Most in China think that the worst is behind them. Yet that sentiment remains tempered by concerns about the spread of the virus in the rest of the world, in addition to asymptomatic cases and a second wave of COVID-19 infections driven by imported cases. Although 90% of China’s imported cases can be attributed to returning Chinese passport holders, with more than one third of the world’s population now in lockdown, Chinese are clearly worried about the spread of the virus overseas.
These concerns have seen China close its borders for foreigners, greatly reduce flights into Chinese airports, and again close indoor tourist attractions and the 600 cinemas that had recently reopened. That aside, the trajectory of China remains one of the most promising right now with just 6% of consumers pessimistic, on the back of the promise of stronger macro policies from Beijing. China’s manufacturing activity expanded in March, defying expectations of a contraction and people are starting to book more holidays, albeit mostly in their province.
As we’ve noted over the past couple of months, the pandemic has fundamentally changed Chinese consumer behaviour: how they are researching brands and products, what they are buying, and where they are buying it. Many of these drastic changes are unlikely to be short-lived and companies should be thinking about altering their go-to-market strategies to accommodate these changes. But before even starting this, businesses should ensure that they are keeping their customers and partners in China up to date with regular communications.
There is lot of news in China – some of it fake – about the rest of the world melting down. If your business is exporting to China, there may be some Chinese customers and partners concerned about whether your product supply is stable and will reach them during these times of uncertainty. In addition to doing everything you can to ensure that your products can still get to your customers, you should also be keeping them in the loop about your situation.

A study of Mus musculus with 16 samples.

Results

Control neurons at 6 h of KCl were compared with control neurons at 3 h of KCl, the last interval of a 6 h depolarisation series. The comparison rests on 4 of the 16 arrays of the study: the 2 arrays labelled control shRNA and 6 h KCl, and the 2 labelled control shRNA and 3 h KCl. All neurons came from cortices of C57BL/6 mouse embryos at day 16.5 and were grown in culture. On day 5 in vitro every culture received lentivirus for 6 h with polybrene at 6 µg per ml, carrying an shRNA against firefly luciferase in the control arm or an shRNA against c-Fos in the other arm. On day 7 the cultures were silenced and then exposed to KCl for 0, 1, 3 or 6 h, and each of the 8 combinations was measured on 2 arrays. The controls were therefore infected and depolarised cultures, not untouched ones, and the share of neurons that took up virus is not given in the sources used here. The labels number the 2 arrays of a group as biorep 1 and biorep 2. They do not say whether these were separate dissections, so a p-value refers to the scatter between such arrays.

One of the best performing businesses during the height of the outbreak in China was Hema supermarkets. Part of this success can be put down to three promises that the retailer made as soon as the crisis began. They pledged to customers that they 1. Wouldn’t shut; 2. Wouldn’t raise prices; and 3. Would do their best to ensure that they’d have enough supplies. Hema acted fast with some clever initiatives to help keep those promises. These included using unemployed restaurant staff to assist with the spike in grocery delivery, negotiating favourable supply terms with suppliers, devising contactless delivery solutions and even using the city bus in Wuhan to deliver groceries. As a result, Hema has been rewarded with more loyalty than ever before.
Foreign brands would be wise to make similar pledges to their Chinese customers – both B2B and B2C – if they can fulfil them. In communicating with people in China, brands shouldn’t fret about not being able to meet Chinese partners and customers face to face – it’s unlikely they’ll want to meet in person for a while given the risk of imported cases. Video calling has become an accepted way of communicating, so make the most of it to stay present with your connections in China. Act fast, communicate clearly, and communicate regularly. Then focus on the strategic work – China Skinny can assist with that.